The fight for free trade has taken a leap forward:
The fight for open access for New Zealand farm exports into the United States has taken a big step forward, with key American agricultural lobbies giving their backing to a comprehensive Pacific Rim trade deal with no exclusions for agriculture.
Thirty-seven of the US’s peak agricultural and farming lobbies have written to their government pledging support for the TransPacific Partnership (TPP) free-trade talks, which aim to eliminate tariffs and other barriers to trade between 12 countries.
In a letter sent to new US Trade Representative Mike Froman and Secretary of Agriculture Thomas Vilsack, the industry groups gave their backing to US negotiators to pursue a comprehensive deal, with no exclusions for agriculture in any country involved in the talks.
“There must be no product or sector exclusions, including in agriculture. Exclusions would limit opportunities in each of the member countries to reach new markets, grow business and generate economic growth and jobs,” it said.
Importantly the letter was signed by the US Dairy Export Council and the National Milk Producers Council.
Both groups have in the past been sceptical about the US joining the TPP and have highlighted the threat to American farmers from opening their domestic market to competition from NZ exports. . .
This is very good news.
Agriculture has been one of the major sticking points for US support of the TPP.
Trade Minister Tim Groser said the backing from the US dairy industry could be critical in getting a deal past American lawmakers that included agriculture and therefore was beneficial to NZ.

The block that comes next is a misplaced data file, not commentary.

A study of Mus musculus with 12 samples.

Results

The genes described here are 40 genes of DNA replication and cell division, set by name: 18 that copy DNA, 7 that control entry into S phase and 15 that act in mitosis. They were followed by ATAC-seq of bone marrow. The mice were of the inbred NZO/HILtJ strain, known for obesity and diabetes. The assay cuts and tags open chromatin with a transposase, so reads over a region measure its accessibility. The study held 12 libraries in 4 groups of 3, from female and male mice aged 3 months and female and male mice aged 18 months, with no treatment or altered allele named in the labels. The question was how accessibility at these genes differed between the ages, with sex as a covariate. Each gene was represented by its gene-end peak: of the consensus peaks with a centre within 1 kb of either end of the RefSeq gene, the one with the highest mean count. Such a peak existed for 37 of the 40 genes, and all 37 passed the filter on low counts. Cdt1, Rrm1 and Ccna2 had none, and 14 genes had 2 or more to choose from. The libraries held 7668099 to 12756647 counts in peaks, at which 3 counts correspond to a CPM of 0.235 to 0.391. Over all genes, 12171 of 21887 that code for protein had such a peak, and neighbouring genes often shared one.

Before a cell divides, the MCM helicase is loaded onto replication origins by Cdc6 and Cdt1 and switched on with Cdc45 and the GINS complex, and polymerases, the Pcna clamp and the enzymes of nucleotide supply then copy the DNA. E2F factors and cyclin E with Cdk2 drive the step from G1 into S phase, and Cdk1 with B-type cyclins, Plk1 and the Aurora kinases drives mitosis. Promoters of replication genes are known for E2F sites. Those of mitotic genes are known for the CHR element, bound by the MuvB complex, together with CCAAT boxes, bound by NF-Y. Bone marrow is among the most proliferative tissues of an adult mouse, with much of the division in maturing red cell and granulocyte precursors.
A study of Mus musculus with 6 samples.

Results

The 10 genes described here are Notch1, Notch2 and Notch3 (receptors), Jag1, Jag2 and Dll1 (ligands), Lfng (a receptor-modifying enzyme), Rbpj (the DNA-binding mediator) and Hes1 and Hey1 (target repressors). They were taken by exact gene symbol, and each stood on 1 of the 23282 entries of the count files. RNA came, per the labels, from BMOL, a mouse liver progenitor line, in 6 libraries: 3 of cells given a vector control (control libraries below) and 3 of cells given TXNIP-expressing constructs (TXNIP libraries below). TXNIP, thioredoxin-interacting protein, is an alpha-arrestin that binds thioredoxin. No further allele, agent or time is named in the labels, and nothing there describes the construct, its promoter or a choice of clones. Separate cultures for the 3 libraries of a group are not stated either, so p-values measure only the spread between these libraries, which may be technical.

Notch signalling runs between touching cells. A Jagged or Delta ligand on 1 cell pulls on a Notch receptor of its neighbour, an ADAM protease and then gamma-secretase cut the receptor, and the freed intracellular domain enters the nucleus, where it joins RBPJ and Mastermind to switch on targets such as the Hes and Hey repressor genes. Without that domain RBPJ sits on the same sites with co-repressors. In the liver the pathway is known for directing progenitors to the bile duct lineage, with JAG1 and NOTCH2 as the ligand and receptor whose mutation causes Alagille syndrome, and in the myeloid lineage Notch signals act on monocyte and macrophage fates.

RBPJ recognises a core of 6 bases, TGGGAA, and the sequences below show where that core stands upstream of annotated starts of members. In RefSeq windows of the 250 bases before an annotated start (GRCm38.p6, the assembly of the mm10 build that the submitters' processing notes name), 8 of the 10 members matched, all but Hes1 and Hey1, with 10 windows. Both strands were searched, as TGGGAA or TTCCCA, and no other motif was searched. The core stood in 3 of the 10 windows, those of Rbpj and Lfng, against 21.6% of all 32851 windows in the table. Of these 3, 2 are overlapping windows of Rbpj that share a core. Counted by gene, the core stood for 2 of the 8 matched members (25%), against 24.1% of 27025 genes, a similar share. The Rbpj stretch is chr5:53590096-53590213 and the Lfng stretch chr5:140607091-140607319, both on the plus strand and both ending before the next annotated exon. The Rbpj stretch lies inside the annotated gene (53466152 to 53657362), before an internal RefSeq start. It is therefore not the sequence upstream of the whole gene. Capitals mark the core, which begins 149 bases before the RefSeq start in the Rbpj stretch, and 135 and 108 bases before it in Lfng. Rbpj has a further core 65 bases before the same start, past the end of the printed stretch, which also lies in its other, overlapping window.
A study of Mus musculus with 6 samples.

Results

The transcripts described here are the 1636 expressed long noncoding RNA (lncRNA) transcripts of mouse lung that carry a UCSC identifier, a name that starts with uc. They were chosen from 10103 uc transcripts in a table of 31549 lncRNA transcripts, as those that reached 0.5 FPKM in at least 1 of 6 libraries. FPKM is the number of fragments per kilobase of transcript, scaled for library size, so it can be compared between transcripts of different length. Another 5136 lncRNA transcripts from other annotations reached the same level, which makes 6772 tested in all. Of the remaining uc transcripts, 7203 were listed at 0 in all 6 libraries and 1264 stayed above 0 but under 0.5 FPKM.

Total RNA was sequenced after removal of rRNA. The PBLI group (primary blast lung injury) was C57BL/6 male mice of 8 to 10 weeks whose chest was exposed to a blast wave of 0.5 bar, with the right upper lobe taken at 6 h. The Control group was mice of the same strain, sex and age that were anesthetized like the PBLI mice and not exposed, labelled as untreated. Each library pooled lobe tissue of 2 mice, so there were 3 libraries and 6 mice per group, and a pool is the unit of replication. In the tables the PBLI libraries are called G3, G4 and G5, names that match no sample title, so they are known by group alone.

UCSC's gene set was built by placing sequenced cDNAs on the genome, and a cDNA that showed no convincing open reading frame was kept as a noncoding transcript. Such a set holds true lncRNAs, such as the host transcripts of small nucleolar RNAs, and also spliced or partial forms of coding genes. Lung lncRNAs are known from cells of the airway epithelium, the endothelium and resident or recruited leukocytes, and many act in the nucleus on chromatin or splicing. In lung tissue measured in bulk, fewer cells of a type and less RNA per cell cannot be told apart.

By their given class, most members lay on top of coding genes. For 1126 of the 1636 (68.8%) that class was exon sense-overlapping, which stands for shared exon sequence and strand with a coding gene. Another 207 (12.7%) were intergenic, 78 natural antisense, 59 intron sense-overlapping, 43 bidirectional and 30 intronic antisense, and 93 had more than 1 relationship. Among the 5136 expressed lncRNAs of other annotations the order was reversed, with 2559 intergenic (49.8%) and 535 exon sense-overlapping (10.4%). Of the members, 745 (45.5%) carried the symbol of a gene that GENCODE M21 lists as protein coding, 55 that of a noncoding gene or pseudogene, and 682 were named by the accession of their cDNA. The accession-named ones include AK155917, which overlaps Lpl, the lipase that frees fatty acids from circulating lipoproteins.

“The political game here is pretty obvious. The way Congress works is through these sorts of letters and people add up the number of lobbies for and add up the number against and that is the political process under way,” Groser said. . .
Fonterra, with assistance from the NZ Government, is leading efforts to get industry groups in other TPP countries to send a similar letter to their governments.
Other countries in the talks include Singapore, Brunei, Chile, Peru, Australia, Vietnam, Malaysia, Mexico, Canada, and Japan.
If all countries agree to cut tariffs to zero the benefits to the NZ economy have been estimated to be as high as $2.1b by 2025.
We have a lot to gain from the TPP but so do producers and consumers in other countries.
Trade protection ultimately benefits the few at the expense of many and the few it benefits are principally politicians who buy votes with it and bureaucrats who are employed because of it.
There is still a lot of work to be done but the support of the powerful US agricultural lobbies is a very big step towards the goal.